July 3rd, 2008     by Stacey May Fowles     Comments

Fifteen years ago an album was released that changed my life completely.

When my parents decided to move me from my Canadian home to the southern US, I listened to that album over and over the entire drive. I was an angry, angsty grrrl and it was the perfect soundtrack. That album understood me and my burgeoning sexuality, understood my frustrations and yearnings, understood my recent realization that life was kind of a pain in the ass. That album was my first taste of celebrated female anger and empowered female sexuality (Flower, anyone?) Heck, it was my first taste of feminism and I loved it. I loved it over and over again - so much I wore the tape down and had to buy a new copy. It was an awakening.

Exile in Guyville was Liz Phair’s 1993 debut album and is largely regarded as one of the greatest albums of all time. From Wikipedia:

Phair wrote and recorded songs on cassette tapes, which she circulated using the moniker Girly Sound, in the early 90s in Chicago. A Girly Sound tape made it to the head of Matador Records, and they signed Phair. Phair re-recorded several of the best songs from her Girly Sound tapes as well as several new songs, and the resulting album was released in 1993, receiving widespread critical acclaim.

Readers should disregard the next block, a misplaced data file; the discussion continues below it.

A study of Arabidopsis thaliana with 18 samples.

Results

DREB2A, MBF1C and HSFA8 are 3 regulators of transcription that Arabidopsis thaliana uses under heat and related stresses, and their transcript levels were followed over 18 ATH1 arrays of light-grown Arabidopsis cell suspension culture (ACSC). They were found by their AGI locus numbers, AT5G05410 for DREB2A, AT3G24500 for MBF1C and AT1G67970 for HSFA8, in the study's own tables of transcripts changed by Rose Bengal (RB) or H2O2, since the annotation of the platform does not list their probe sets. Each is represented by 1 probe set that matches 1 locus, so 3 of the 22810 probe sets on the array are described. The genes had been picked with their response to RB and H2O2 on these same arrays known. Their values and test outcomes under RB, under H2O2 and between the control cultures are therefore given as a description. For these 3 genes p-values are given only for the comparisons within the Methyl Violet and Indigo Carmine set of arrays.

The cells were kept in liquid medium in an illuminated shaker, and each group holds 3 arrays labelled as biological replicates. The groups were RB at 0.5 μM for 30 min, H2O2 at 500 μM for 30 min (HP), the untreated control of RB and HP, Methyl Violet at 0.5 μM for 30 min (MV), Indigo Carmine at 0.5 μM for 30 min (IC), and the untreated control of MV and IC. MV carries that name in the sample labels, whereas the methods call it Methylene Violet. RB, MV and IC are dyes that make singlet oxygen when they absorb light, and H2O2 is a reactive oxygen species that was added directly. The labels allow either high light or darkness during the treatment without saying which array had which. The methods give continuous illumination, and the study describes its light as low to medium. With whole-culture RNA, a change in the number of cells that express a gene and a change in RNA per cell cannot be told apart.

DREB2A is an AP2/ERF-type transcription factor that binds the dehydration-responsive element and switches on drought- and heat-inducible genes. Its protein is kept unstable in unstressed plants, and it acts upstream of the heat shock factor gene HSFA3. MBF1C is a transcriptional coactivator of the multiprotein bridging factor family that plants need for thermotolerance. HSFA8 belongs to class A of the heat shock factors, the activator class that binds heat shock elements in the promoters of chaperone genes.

To celebrate the recent anniversary of the album’s release Phair has reissued it with bonus tracks, along with the inclusion of a digital documentary titled Exile Redux. The film features a badass Phair interviewing all the “original Guys of Guyville” (including my man-crush Lloyd Dobler).

Phair also recently played a a sold-out four-show tour where she performed the album straight through, start to finish, to enraptured fans. From Venus Zine:

It has long been discussed that Exile in Guyville is an album of awakening, and the audience’s emotional investment was palpable. Every fan knew every lyric, and the visceral responses were strong and steady. For 18 songs straight, the crowd was unified, exhibiting an intangible respect for both the artist herself and the audience members she had so intrinsically affected.

Exile was a musical revolution and is certainly worth a reissue and revisit. It still holds all the same meaning and gives me all the same feelings as it did fifteen years ago.

I have to ask, readers: What album was your awakening?